PARTICK THISTLE supporters may well react with a wry grin at the irony of what I am about to suggest, given that their players have historically struggled to grab the attention of the Scottish Football Association, but I believe that one of their number could be the ideal choice to head up the entire organisation.

And they may not welcome the suggestion either, given the fine job that Ian Maxwell has been doing at Firhill since making the move upstairs in 2011 as general manager, and in his current role as managing director of the club.

But with apologies to the Thistle faithful, I believe that the 42-year-old could well be the ideal man to drag the SFA kicking and screaming into the 21st century.

Over and above the fact he would be a much-needed injection of fresh blood, he won’t be ignorant to the challenge that lies ahead. He has been part of the SFA’s Professional Game Board for around five months now, so has a grasp of what the organisation does and what it perhaps should be doing that it has currently lost sight of.

With Maxwell’s experience of working within a member club, and working with the SPFL, he is perfectly positioned to bridge the disconnect between the SFA and its members, and indeed the game's other governing body down the hall at Hampden.

Whether he would be open to suggestions of a merger between the SFA and SPFL, as has been mooted in some quarters, remains to be seen, but he has never made a secret of his belief that the bodies have to be working much closer together.

Nowhere is this more apparent than in his thoughts on youth development, and specifically towards the SFA’s flagship Project Brave initiative.

Maxwell isn’t one to allow things to carry on in a certain way simply because it is the way it has always been done, and the tweaking of the nation’s approach to nurturing young talent to everyone’s benefit would surely be one of the things that would be high on his agenda to tackle head on.

In an interview last year in this paper, he outlined his concerns over the fact that the SFA are in charge of youth development up until under-18 level, at which point the SPFL take over. He couldn’t understand why this was the case, and no one could provide him with an answer when he went looking for it other than it being the established order of things.

His proposal was to put the emphasis back on the clubs, and put money into their hands to help them with their community outreach and youth development programs. That would ensure the geographical spread that the SFA are looking for, and allow the clubs to spend money at a local level the way they see fit, rather than clubs having the pressure of stretching themselves financially to reach elite status.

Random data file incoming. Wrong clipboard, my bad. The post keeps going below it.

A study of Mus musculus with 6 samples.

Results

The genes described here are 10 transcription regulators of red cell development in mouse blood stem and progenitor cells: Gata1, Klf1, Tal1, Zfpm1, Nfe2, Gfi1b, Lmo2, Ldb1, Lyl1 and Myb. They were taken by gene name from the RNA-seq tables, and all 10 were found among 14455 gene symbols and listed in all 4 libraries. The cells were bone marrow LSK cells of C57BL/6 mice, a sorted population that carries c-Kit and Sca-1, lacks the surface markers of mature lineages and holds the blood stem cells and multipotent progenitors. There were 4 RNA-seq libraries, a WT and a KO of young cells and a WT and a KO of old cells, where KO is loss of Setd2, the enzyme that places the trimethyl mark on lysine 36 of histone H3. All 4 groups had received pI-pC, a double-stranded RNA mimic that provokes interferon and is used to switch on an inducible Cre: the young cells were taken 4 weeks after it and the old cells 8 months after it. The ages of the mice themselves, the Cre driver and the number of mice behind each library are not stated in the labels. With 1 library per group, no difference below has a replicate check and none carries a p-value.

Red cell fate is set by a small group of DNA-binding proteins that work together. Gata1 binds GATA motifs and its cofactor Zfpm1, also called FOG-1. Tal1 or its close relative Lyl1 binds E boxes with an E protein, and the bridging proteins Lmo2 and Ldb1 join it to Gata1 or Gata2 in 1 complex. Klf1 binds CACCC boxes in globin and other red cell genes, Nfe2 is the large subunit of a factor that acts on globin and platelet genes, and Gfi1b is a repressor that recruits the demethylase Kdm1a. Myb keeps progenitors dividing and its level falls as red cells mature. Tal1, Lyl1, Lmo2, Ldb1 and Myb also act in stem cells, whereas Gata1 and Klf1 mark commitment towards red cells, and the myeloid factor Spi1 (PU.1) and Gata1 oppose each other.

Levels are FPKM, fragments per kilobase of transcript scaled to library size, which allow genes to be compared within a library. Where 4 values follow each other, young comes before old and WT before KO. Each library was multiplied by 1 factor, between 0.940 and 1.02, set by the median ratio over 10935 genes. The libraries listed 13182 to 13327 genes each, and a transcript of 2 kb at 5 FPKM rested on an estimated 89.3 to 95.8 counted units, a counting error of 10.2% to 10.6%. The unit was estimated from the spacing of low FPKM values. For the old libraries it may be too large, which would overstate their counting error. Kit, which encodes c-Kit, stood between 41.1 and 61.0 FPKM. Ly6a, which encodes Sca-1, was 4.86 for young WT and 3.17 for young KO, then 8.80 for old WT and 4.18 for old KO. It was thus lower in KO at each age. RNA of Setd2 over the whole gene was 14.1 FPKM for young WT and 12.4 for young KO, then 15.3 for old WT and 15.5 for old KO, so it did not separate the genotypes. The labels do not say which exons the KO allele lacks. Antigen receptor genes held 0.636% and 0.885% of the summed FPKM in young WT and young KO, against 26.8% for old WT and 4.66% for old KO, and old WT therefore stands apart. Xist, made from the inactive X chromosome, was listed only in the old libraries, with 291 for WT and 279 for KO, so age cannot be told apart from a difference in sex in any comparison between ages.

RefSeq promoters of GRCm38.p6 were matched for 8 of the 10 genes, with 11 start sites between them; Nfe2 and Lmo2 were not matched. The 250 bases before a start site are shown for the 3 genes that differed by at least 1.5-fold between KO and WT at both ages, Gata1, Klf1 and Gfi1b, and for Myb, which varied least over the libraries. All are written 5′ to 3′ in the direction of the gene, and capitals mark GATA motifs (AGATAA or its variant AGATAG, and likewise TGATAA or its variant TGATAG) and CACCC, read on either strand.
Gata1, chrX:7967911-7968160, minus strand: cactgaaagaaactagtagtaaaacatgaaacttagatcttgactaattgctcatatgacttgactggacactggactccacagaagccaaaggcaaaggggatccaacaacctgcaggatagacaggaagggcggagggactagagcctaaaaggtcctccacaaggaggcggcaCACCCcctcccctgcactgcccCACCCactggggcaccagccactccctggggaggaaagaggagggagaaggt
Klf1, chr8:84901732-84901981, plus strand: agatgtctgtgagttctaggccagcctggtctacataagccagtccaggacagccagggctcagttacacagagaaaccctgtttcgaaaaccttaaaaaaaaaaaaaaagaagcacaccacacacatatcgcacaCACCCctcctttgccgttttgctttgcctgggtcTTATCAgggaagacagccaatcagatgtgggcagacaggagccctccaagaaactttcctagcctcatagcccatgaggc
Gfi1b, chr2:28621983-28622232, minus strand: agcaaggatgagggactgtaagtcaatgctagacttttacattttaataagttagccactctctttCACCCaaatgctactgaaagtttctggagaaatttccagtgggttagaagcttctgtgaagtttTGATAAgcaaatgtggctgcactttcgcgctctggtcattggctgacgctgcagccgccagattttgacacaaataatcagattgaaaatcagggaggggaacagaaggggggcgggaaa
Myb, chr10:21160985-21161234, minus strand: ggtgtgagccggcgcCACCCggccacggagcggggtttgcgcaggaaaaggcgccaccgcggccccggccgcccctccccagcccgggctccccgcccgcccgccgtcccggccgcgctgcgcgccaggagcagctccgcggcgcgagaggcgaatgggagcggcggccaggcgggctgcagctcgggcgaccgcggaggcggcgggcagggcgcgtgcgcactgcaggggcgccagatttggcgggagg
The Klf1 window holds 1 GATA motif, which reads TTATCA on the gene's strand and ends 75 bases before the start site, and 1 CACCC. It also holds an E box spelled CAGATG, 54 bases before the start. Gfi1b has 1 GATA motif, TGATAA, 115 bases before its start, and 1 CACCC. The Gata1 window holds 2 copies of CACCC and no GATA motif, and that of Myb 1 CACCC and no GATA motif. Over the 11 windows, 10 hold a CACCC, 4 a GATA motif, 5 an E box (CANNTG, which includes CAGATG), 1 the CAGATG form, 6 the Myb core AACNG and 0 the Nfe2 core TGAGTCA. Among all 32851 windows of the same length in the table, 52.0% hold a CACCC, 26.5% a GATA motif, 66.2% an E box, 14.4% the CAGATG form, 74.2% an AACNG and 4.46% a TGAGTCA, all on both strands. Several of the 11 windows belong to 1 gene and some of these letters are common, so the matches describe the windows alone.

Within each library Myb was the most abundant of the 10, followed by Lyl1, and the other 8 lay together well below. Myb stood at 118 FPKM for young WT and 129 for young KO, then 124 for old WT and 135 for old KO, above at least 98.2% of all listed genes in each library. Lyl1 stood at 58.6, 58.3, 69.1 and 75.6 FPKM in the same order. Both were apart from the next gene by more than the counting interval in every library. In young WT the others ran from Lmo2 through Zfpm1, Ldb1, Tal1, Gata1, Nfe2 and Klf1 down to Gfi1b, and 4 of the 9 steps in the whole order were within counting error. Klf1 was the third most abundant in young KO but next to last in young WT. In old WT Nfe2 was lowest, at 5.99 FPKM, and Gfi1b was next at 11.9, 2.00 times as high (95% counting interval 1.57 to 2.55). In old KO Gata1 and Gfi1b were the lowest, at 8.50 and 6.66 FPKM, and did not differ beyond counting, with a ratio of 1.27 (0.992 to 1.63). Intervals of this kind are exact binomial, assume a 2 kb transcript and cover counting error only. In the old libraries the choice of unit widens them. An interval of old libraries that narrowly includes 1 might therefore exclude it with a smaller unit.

A refinement of Project Brave along such lines would be a quick win, being sure to prove popular with the member clubs.

Maxwell ticks most of the boxes that Leeann Dempster does for the role in terms of having a great track record at club level, but he would not be conflicted in the same way in the eyes of the clubs by having to work with Rod Petrie, the Hibs chairman.

His achievements at Partick Thistle are notable. He will be the first to say that the progress made at the club has been a team effort, and helped along the way by money from Euromillions winners Colin and Christine Weir, but Thistle going debt free, the Thistle Weir academy being set up, and the commitment to build a dedicated training facility has all happened under his watch.

Perhaps the biggest thing that Maxwell himself can take credit for is the way he has brought real professionalism to the club, properly staffing the backroom with the introduction of sports scientists, for example, working in tandem with manager Alan Archibald to transform the club into an outfit that not only is competing in the Premiership, but feels they deserve to be there. When you walk into Firhill now, you get the sense that it you are walking into a top-flight club, rather than a Championship outfit who is just crashing the party.

He has gone into the role, identified what needed to be modernised, and delivered. Can you think of any other organisation that may benefit from such an approach?

Maxwell hasn’t put himself forward for the role, but even allowing for his obvious affection for Partick Thistle and connection to the Firhill club, it would be an opportunity that would likely prove extremely difficult for him to turn down. The SFA should be posing the question.